Saturday, April 23, 2016




"The Beat: The beat is just the most primitive crude way to instantly transform time consciousness out of realword time and out of clocktime into - ontologically - the space of virtual time. Serious composition discovers numberless more contextual and multiinflected ways to get there with limitlessly variable resultant qualities - not just the repeatable orgasm - of habitable transcendent timeworlds. It's only the most firstorder music that needs beat to make this trip happen at all, to provide a cheap and dirty transcendence. Composition creates that from within but beat imposes it from without." - Benjamin Boretz [from Unconnecting the Dots, Open Space 19-20 - fall 2015/spring 2016]

April 20, 2016
blues sequence from 'Breakfast Feud' - Benny Goodman [from Smithsonian Collection of Classic Jazz]

Goading on to showing off.

I Could Make You Love Me - Sarah Vaughan [from Interlude - Early Recordings 1944-1947]

Extraordinary, but not fully confident. It is still, to some extent, an imitation of a torch singer, an imitation of someone who might be aiming at Billie Holiday, but who certainly isn't yet a full-blown Sarah Vaughan.

April 21, 2016
Turn Over A New Leaf - John Lee Hooker [from The Legendary Modern Recordings 1948 - 1954]

Chet Baker
What might be termed the beat, here, is a complex organism composed of touch and times and weight and density and slant.

Resonant Emotions - Chet Baker and Art Pepper [from Playboys]

Echt westcoastcooljazz, eelishly smooth, slimily unctuous - completely open about what they never could mention in so many words.

Sally, Won't You Have Me, Do Gal Do - Clester Hounchell [from Art Rosenbaum's Art of Field Recording volume 1]

A quickly revolving timescene configuration of open to stopped tones. Nothing firstorder about it.

My Generation - The Who [collected from Dave Marsh's Heart of Rock & Soul]

Abstracts to a stutter the blues' required severance of melody time from rhythm-bed time.

Cry Baby - Janis Joplin [from Pearl]

Janis calibrates her affectual intensity, always an offset step ahead of the band.

Steve Reich
April 22, 2016
Music for 18 Musicians - Reich - Shem Guibbory, Ken Ishii, Elizabeth Arnold, Rebecca Armstrong, Nurit Tilles, Lary Karush, Gary Schall, Bob Becker , Russ Hartenberger, James Preiss, Steve Chambers, David Van Tieghem, Glen Velez, Virgil Blackwell, Richard Cohen, Jay Clayton, Pamela Fraley

The increment is so in-your-face it could disappear, as though one were looking through a screen window, or twirling bike spokes. What would it sound like, for instance, if enough reverb were added to erase the choppiness? When increment vanishes what are we left with? Rhythms of emergences, patterns of repetitions. Would we then need to re-posit the increment in order to relate the parts to each other in time? Does the explicit increment absolve us of this duty? In order to free us to do what? To discover what? One could read the emerging pattern-regions as movements of a larger whole, transplanted pretty much straight across from standard concert practice (the sort of thing one might mention in a program note to comfort the worried). Is the increment intended to obscure every other parameter, rendering only its repeating as actual? A bargain ride to the eternal hijacked to the merely conceptual?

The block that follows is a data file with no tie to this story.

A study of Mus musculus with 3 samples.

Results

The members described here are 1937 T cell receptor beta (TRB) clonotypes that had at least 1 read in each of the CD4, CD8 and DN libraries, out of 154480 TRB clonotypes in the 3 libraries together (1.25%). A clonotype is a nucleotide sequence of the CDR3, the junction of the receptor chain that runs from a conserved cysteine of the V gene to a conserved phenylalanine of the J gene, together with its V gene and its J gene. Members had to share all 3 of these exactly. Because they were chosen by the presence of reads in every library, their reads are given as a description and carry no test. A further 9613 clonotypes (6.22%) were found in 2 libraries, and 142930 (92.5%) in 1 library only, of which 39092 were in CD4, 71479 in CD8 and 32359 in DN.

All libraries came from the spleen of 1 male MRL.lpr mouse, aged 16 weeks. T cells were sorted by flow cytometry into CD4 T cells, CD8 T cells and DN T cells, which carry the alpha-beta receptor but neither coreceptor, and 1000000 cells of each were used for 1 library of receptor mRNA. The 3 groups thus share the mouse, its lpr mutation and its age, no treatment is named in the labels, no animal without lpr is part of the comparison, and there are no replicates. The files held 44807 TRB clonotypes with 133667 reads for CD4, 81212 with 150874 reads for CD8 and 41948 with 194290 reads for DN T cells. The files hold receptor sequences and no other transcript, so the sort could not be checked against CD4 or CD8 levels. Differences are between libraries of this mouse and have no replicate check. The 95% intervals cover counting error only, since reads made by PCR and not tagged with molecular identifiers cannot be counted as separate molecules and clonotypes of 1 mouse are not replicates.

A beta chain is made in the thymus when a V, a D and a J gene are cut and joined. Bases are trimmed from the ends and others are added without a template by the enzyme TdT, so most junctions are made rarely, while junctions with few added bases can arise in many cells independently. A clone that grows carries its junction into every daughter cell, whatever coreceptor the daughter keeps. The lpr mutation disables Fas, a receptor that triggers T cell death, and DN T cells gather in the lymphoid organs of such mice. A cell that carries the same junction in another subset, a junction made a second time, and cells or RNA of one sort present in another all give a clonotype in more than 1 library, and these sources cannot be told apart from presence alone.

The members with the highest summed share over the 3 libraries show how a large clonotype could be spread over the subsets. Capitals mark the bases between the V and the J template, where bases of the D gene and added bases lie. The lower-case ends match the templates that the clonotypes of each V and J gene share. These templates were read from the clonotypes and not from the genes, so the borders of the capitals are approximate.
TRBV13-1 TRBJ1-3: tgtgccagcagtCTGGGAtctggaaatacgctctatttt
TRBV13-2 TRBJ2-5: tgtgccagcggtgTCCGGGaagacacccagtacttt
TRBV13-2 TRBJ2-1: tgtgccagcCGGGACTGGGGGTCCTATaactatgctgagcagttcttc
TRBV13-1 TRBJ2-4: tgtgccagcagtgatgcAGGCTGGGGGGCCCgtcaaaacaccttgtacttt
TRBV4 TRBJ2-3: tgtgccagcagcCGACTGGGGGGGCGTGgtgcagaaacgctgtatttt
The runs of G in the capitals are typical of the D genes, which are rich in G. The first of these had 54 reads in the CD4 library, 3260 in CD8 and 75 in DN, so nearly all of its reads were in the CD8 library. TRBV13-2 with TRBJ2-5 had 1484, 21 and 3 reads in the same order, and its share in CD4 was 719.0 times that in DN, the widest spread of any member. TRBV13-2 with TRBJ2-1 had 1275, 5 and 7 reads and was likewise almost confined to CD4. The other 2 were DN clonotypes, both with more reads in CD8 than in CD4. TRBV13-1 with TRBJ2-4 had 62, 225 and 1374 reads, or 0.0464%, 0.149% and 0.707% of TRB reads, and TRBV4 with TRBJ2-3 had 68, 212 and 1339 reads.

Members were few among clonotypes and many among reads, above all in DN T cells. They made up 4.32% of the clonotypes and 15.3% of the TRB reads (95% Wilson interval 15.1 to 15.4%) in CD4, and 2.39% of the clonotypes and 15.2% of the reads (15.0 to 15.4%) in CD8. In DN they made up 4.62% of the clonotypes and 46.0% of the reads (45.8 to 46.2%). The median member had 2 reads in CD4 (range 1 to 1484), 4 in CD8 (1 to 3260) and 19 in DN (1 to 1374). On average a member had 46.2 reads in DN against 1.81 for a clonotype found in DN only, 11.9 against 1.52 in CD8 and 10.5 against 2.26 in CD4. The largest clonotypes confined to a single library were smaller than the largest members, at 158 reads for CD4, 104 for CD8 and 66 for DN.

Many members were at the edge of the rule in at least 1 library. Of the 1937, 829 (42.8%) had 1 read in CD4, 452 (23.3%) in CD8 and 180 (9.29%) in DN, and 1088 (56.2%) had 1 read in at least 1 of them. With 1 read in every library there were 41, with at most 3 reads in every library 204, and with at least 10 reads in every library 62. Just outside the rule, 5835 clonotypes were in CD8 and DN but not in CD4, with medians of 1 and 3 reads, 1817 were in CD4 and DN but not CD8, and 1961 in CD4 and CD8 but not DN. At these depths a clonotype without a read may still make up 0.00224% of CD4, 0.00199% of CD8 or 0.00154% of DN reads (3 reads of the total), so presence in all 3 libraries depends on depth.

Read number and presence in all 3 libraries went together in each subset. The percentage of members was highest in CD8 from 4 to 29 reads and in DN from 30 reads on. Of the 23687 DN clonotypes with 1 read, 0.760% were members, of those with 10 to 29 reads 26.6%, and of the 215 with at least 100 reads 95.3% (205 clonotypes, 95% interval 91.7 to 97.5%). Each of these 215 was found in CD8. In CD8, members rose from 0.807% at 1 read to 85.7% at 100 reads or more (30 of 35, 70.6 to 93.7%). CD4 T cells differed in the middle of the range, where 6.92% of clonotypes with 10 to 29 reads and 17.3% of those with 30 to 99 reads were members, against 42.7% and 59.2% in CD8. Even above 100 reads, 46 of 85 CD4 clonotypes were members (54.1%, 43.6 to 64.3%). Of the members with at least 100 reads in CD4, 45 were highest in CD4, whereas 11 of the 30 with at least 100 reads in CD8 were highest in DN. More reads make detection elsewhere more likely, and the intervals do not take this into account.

Another take on it: A concretion of the sense of acoustic space as we might imagine ourselves wandering through it, to the point where actually getting up and moving through the house, where it has joined you, independently, in just the same activity, but in its own virtual house - each of you hearing each other in a mutual sharing of virtual inter-experience. The needle-y probing of the music constantly sensing and groping into the data of our own experience of place, pulling into itself our moment-to-moment sense of where we are. Monitored.

Frame by Frame - King Crimson [from Discipline]

Honestly, this came up to listen to entirely on its own, just like everything else. I didn't handpick it to follow Reich, of which it is both a virtual twin and comment - but with an overlay of what, if this weren't King Crimson, might be mistaken for a standard rock beat.

In Session at the Tintinabulary

April 17, 2016
10 Minutes for Aaron Keyt - Keith Eisenbrey

Aaron asked for a sound file for a project of his, so I obliged. I used a loose cymbal balanced on a milk can, and various mallets.

April 18, 2016
Banned Rehearsal 909 - Karen Eisenbrey, Keith Eisenbrey, Steve Kennedy, Neal Kos├íly-Meyer

April 18-22 2016
".....such words as it were vain to close....." - J. K. Randall - Keith Eisenbrey

I spent several hours every morning this vacation week trying to get a straight-through recording of this. Blame for my eventual failure to avoid an edit was equally distributed among my own errors and in-opportune trucks, cars, and motorcycles outside. This was my last go-through Friday morning, with only one edit due to traffic noise. I share it here on the assurance that Jim's feelings about copyright are similar to mine: "open and free", but without any claim that I have got the piece right yet.